Comparative Between Confucius and Daoism

Topics: Chinese philosophy, Tao Te Ching, Confucius Pages: 18 (5503 words) Published: February 6, 2013
Conflict Resolution & Negotiation (Volume 2011 Issue 4)111 Please cite as Low K.C.P. (2011) ‘Confucianism Versus Taoism’, Conflict Resolution & Negotiation Journal, Volume 2011, Issue 4, p. 111 - 127 Confucianism Versus Taoism Prof. Dr. Patrick Low Kim Cheng Ph.D. & Chartered Marketer, Certified MBTI Administrator, & Certified Behavioral Consultant/ Universiti Brunei Darussalam; Associate, University of South Australia About the Author Prof. Dr. Patrick Low Kim Cheng, Ph.D. (South Australia), Chartered Marketer, Certified MBTI Administrator, & Certified Behavioral Consultant (IML, USA), brings with him more than 20 years of combined experience from sectors as diverse as the electronics, civil service, academia, banking, human resource development and consulting. His MNC and local corporate clients from ASEAN, Sri Lanka, Hong Kong, Bangladesh and Kazakhstan are in manufacturing, electronics, IT, retail, engineering services, hospitals, hotels, banks & financial institutions as well as the public sector. The once Visiting Professor, Graduate School of Business, Universiti of Malaya (Jan to Feb 2007), Prof. Dr. Low was the Deputy Dean, Postgraduate Studies & Research, teaching in Universiti Brunei Darussalam (2009). He teaches the graduate students/ MBA in Organisational Behavior, Managing Negotiations, Leadership and Change Management, and the undergraduates in Leadership Basics, Challenging Leadership, Business and Society, Issues in Organizational Leadership, Organization Analysis & Design; and Organization Development & Change. The former Associate Dean, Director of Career Services and Chair of the Management and Marketing Department of a University in Kazakhstan (2004 to 2006) focuses on human resource management and behavioral skills training covering areas like negotiation/ influencing, leadership and behavioral modification.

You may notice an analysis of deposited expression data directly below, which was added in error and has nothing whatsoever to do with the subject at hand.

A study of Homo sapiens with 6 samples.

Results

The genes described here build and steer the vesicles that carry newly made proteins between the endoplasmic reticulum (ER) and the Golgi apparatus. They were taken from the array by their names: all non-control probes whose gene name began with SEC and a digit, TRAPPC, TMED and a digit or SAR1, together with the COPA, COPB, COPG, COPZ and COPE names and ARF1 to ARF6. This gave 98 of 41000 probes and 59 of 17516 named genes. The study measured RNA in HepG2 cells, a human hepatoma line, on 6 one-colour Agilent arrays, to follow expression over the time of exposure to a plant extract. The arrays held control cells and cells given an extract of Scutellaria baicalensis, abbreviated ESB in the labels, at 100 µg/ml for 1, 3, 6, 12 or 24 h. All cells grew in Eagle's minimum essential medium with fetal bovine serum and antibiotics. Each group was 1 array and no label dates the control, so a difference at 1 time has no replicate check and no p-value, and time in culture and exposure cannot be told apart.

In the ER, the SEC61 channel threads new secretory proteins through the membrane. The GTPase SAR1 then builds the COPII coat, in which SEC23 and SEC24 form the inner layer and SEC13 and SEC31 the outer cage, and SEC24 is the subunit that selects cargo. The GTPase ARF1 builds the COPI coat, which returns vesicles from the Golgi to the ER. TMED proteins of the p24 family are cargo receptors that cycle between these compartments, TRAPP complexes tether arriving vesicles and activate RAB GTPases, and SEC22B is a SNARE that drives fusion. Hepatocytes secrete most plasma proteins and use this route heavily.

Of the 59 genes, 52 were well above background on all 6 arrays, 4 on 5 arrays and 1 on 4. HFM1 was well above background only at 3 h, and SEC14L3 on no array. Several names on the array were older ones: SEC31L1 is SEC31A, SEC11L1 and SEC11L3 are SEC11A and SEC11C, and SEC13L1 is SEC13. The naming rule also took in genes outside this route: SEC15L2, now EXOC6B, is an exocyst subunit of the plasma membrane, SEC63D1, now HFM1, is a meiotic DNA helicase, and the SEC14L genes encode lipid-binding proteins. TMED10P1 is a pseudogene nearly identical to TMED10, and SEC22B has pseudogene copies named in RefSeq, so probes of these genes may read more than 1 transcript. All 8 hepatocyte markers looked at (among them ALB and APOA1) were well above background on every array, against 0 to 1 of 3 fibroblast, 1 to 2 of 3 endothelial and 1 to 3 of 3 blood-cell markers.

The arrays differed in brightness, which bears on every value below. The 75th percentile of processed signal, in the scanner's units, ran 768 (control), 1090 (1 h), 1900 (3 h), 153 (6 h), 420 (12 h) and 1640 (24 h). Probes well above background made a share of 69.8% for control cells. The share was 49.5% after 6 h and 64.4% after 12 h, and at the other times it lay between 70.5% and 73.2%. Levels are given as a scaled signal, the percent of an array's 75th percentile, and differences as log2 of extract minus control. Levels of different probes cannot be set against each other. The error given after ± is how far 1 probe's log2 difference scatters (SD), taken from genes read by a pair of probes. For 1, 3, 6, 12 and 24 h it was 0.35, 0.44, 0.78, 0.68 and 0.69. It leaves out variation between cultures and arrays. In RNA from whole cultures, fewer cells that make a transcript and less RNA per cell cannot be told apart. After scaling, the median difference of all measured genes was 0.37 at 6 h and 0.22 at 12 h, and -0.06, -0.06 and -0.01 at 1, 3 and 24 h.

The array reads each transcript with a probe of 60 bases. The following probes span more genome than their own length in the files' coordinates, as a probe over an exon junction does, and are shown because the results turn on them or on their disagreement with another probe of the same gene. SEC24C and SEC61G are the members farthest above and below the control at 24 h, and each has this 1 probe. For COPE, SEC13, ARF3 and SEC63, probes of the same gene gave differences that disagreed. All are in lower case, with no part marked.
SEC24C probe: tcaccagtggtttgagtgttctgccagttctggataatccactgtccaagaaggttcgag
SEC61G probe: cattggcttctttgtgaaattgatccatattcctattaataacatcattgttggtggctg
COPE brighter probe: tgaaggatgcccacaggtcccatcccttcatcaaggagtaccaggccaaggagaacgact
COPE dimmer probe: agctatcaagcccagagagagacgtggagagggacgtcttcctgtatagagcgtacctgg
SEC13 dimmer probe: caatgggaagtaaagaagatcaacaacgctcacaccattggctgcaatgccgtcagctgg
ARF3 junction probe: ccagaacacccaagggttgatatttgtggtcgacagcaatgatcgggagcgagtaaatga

An academician-practitioner, a prolific author (author of twelve books including bestsellers (Strategic Customer Management, 2006, 2002, 2000 – one of Borders’ top ten in 2001/2, Sales Success, 2006, 2003; Team Success, 2003 and The Power of Relationships, 2001). His most recent books include Successfully Negotiating In Asia (Springer, 2010) and


Confucianism Versus Taoism Abstract: In this paper, the practitioner-academician makes comparisons and contrasts between the two great philosophical bodies (or oldest religious traditions) of China, that is, Confucianism and Taoism. Among other things, the key commonalities of Confucianism and Taoism include being in pursuit of the Tao, close to nature and harmony, and taking the right actions are critical than just the belief(s). The key differences are also examined here, and these, among other things, include human living and spirituality, and filial piety and nature as well as rites and beyond rites.



Confucianism and Taoism do not have a specific founder or date of founding, even though one of them (Confucianism) appears to be named after an individual, K’ung Fu Tzu or Confucius in English. Confucius was born...

References: Confucius (1915) (Contributors: Dawson, Miles Menander) The ethics of Confucius: The sayings of the Master and his disciples upon the conduct of “The Superior Man”. G. P. Putnam’s Sons: New York.
Fung, Y. L. (1948) A short history of Chinese philosophy, The Free Press: New York.
Lau, D. C. (1979) Confucius - The Analects (Lun Yu), The Penguin Books: England.
McDonald, J. H. (translator) (2009) Tao Te Ching, Arcturus Publishing Limited: China.
Towler, S. (2002) CHI energy of harmony, MQ Publications Ltd.: China.
Towler, S. (2002a) CHI energy of happiness, MQ Publications Ltd.: China.
Wu, John C. H. (1990) Tao teh ching, Shambala Publications, Inc.: USA.
Yu Dan (2009) Confucius from the heart, Pan Books: UK
Websites Accessed on 7 January 2011.